Risk management steps for temperature-controlled distribution

Truly understanding your product and distribution process will help prevent over- or under-engineering your cold chain packaging.

In a heated presidential election season, we often hear about government spending, but when it comes to the development, contracting, and supply of vaccines, antivirals, diagnostics, therapeutics, and ancillary products, particularly for influenza, watching costs is a priority for Conceptual MindWorks.

Geoffrey Glauser is the project manager for Conceptual MindWorks, a consulting contractor and subject matter expert in support of the Manufacturing, Facilities, and Engineering Division of the Biomedical Advancement Research Development Authority (BARDA) in the office of the Assistant Secretary for Preparedness and Response (ASPR) within the U.S. Dept. of Health and Human Services (HHS).

In assessing risk management in the packaging and shipping of temperature-sensitive medications, Glauser recommends fiscal responsibility and not "overengineer any solution and spending more than you need to get product from one point to another."

During a Sept. 27 presentation, "Detailed Insight to Supply Chain and Cold Chain Risk Management" at the Cold Chain & Temperature Management Global Forum, Glauser offered multiple insights on the topic, including the following:

• Use Parenteral Drug Assn. Technical Report 58 as a reference to save time to plot shipping lanes. The report, which can be downloaded from this Web site aims to help manufacturers and distributors apply risk management to distribution practices. "The PDA documents can help you develop a checklist so you don't reinvent the wheel," he advised.

• You can always under- or overengineer packaging. It's important to understand what your product can withstand, develop stability data, determine secondary and tertiary packaging, and use patient impact as the key to anything you transport.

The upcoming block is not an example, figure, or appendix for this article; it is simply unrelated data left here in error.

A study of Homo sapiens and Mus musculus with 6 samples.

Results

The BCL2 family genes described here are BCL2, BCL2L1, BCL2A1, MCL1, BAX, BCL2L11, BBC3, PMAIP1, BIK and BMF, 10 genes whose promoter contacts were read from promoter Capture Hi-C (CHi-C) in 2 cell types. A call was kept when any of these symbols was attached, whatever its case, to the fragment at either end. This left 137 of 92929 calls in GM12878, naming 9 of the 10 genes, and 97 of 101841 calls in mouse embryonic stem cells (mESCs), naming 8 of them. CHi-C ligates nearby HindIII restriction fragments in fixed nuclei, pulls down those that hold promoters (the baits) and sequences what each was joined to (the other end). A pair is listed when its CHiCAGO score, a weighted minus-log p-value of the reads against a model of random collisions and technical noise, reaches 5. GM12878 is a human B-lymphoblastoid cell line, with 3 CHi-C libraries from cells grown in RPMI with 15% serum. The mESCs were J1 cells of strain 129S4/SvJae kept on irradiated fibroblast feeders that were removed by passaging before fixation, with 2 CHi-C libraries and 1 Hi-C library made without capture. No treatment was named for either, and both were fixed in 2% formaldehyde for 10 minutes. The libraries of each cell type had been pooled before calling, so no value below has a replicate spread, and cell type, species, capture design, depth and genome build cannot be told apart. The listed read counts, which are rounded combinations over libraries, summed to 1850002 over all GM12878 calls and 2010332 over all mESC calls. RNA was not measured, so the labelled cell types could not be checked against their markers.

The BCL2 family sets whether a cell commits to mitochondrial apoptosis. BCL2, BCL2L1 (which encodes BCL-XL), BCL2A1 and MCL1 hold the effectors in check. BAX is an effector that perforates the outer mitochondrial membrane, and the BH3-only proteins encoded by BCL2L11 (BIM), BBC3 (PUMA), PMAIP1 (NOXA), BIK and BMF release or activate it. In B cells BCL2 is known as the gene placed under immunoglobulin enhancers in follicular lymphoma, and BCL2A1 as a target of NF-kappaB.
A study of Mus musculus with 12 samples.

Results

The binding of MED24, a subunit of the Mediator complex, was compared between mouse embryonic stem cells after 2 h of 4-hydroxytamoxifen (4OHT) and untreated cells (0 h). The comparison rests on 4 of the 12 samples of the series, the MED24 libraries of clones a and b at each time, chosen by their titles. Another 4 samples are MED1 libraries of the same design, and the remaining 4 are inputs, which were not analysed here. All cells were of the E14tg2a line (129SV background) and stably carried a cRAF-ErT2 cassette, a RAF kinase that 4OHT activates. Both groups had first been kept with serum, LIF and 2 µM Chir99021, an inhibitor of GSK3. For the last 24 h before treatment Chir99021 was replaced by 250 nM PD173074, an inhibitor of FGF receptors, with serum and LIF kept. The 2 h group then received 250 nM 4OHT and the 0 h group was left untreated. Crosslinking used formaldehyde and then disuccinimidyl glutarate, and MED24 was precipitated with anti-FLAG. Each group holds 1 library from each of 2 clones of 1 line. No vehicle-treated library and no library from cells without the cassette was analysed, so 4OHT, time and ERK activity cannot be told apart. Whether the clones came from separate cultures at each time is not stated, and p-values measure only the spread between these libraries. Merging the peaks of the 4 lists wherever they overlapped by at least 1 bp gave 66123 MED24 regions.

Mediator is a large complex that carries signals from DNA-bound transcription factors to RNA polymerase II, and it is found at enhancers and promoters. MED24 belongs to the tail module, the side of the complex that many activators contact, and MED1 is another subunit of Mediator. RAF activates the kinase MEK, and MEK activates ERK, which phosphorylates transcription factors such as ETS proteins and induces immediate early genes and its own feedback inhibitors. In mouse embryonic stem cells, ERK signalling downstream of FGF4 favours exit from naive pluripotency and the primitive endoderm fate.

• Factor in economics, such as the value not only of the product itself, but also its market value, as well as insurance coverage. Take into account if your shipment is a one-time lane as opposed to a lane you will use often. Is it worth adding $50 for a shipping container if that investment results in no deviations or inspections?

• Assign risk priorities to each "touch point" in your process do determine priorities.

• The lack of training and awareness at different points in the supply chain is a big problem. Better to explain to a carrier or handler key issues up front to avoid potential problems.

• Have a communication plan. "Not many pharma companies use ocean transit," he said. "But what if you get a call at two in the morning and learn that there's been a temperature excursion on an ocean carrier out in the Pacific? Maybe you can't do much about it, but there needs to be a way to get the ship's electrician on the job to repair the refrigeration."